New Turing test just dropped: The first play written entirely by a robot. AI: When A Robot Writes A Play, will be performed at Czech Centre London on February 26., and will be followed by a debate with both theater and artificial intelligence experts.
Czech Centre London created the project in partnership with Prague’s Švanda Theatre to celebrate the hundredth anniversary of Czech playwright Karel Čapek’s play R.U.R., which originated the term “robot”. (Putting in a good word: R.U.R. is also beautiful, raises still-relevant questions about humans and robots and future ethics, and is available to read online here). Naturally, the project foregrounds the technological leaps made in the last century. Rudolf Rosa, one of the researchers who engineered the bot, explained the genesis of the idea to TechXplore: “One hundred years ago, a man wrote a theater play about robots; what if today, robots wrote a theater play about men?”
A team of computer scientists and drama experts led by a computational linguist have been working on this project since May 2020, fine-tuning the pretrained language model GPT-2 by training it on a corpus of existing theater scripts. Which seriously makes me wonder: what scripts are being used? There are widely different methods of thought around what makes a play a play; do we get an OresteiaBot and a BrechtBot? (And would all the cigar-puffing from the audience overheat the robots?) We’ve seen theatrical work based on found text and AI-shuffled text before; what made those works interesting? Was it the text itself, or was it the context—the juxtaposition of people in real-time performing the artificial text? A robot writing a play is already interesting; how do we control for audience enjoyment?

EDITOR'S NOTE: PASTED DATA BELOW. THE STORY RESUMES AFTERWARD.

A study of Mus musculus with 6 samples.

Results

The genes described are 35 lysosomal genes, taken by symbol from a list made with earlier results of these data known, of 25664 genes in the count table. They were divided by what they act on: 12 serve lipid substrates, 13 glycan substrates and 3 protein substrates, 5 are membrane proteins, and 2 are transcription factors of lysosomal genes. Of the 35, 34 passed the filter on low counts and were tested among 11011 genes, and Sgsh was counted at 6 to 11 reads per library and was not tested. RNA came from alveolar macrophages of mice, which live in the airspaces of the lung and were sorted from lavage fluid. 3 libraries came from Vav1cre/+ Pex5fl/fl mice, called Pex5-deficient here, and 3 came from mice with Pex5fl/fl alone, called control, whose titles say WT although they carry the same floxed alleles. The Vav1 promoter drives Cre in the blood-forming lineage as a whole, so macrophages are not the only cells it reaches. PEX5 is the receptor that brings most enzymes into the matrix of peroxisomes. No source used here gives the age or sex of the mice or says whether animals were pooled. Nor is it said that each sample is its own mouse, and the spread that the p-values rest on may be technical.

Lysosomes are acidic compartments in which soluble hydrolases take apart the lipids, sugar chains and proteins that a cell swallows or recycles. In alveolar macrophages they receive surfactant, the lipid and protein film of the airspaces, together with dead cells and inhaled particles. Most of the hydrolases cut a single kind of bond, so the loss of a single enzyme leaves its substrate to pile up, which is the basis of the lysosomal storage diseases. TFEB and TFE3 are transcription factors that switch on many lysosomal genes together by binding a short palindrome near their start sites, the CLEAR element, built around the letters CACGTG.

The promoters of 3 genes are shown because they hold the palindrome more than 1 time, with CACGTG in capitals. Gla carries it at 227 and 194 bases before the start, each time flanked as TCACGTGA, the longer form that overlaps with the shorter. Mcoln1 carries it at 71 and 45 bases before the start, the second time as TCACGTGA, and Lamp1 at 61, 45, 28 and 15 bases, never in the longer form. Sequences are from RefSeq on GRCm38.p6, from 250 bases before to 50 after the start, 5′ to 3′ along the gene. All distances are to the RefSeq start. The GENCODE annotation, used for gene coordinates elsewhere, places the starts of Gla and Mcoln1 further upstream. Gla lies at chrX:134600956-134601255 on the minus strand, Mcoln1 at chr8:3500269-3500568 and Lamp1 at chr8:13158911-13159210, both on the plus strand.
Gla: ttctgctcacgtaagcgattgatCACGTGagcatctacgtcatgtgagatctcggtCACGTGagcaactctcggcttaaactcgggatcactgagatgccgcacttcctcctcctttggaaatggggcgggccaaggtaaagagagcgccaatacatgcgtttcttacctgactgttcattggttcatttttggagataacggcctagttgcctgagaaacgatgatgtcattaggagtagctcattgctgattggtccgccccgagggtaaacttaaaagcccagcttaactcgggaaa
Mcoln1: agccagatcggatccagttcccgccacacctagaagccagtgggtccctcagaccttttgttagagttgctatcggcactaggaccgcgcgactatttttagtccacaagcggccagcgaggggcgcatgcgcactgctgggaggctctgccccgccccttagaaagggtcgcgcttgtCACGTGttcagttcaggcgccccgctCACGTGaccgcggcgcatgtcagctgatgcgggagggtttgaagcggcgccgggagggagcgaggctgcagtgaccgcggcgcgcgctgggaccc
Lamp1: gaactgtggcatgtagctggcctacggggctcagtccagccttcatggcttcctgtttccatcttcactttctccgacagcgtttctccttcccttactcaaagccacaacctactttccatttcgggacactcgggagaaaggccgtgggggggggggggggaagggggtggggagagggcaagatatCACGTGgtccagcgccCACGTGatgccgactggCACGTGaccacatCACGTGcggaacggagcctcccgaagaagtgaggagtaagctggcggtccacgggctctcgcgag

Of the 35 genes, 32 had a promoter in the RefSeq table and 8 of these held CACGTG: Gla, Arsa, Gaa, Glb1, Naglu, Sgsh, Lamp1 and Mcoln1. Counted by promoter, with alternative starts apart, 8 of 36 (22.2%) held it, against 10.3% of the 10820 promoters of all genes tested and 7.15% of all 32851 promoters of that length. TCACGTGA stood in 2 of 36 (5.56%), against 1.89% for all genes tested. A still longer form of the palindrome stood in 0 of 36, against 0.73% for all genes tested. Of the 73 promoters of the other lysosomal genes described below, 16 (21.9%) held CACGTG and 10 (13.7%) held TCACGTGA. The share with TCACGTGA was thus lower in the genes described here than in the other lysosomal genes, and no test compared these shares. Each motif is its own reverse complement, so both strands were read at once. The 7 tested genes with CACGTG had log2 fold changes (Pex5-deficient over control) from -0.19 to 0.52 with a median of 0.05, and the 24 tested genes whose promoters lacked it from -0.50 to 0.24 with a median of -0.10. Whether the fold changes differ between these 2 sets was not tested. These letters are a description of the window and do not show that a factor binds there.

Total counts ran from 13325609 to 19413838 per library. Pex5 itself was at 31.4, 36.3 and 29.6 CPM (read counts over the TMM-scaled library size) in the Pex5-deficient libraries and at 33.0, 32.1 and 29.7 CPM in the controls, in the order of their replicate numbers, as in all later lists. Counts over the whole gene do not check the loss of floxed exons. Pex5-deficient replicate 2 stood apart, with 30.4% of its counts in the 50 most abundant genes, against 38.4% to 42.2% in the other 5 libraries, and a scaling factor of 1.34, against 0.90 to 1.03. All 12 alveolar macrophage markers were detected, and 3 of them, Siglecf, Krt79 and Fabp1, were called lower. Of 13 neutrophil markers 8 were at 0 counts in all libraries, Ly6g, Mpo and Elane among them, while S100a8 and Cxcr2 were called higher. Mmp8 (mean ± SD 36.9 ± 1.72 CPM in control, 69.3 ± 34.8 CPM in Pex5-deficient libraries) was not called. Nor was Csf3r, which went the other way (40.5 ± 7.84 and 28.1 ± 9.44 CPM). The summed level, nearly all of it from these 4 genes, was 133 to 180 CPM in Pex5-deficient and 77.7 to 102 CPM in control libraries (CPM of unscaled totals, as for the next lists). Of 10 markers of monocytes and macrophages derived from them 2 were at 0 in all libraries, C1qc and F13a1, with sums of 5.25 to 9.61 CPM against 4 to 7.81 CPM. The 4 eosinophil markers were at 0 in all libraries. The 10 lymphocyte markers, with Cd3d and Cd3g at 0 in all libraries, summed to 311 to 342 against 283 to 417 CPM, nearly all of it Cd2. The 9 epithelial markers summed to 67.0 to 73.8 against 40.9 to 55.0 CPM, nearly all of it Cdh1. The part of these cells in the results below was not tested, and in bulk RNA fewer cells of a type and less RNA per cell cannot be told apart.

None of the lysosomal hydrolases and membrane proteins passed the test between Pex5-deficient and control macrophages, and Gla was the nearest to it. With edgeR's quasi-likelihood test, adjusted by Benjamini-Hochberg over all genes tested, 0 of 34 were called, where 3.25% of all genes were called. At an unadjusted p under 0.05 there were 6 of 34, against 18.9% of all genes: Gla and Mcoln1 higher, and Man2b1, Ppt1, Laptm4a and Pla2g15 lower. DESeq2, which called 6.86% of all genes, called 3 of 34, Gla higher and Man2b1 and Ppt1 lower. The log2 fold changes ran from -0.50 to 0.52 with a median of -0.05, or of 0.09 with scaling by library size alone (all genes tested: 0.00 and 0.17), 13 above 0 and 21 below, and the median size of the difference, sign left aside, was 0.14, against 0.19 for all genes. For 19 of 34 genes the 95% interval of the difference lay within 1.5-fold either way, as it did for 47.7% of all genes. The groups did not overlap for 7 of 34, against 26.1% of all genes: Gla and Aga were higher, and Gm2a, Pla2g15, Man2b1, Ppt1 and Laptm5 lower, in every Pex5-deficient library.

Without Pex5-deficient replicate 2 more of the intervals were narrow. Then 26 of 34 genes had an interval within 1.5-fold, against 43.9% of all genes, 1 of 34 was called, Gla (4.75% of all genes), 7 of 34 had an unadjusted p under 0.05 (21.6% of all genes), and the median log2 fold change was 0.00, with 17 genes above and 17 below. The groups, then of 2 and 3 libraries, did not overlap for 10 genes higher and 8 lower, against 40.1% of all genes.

And will robots’ playwriting compare favorably to humans’? Said Czech Centre London director Přemysl Pela to London Theatre, “As AI algorithms are already able to beat the best world chess players, compose classical music undiscernible from Mozart and Beethoven, we now witness another groundbreaking leap as the AI enters the completely uncharted territory of playwriting.” Maybe we need a Clare Barron vs. Deep Blue repertory season.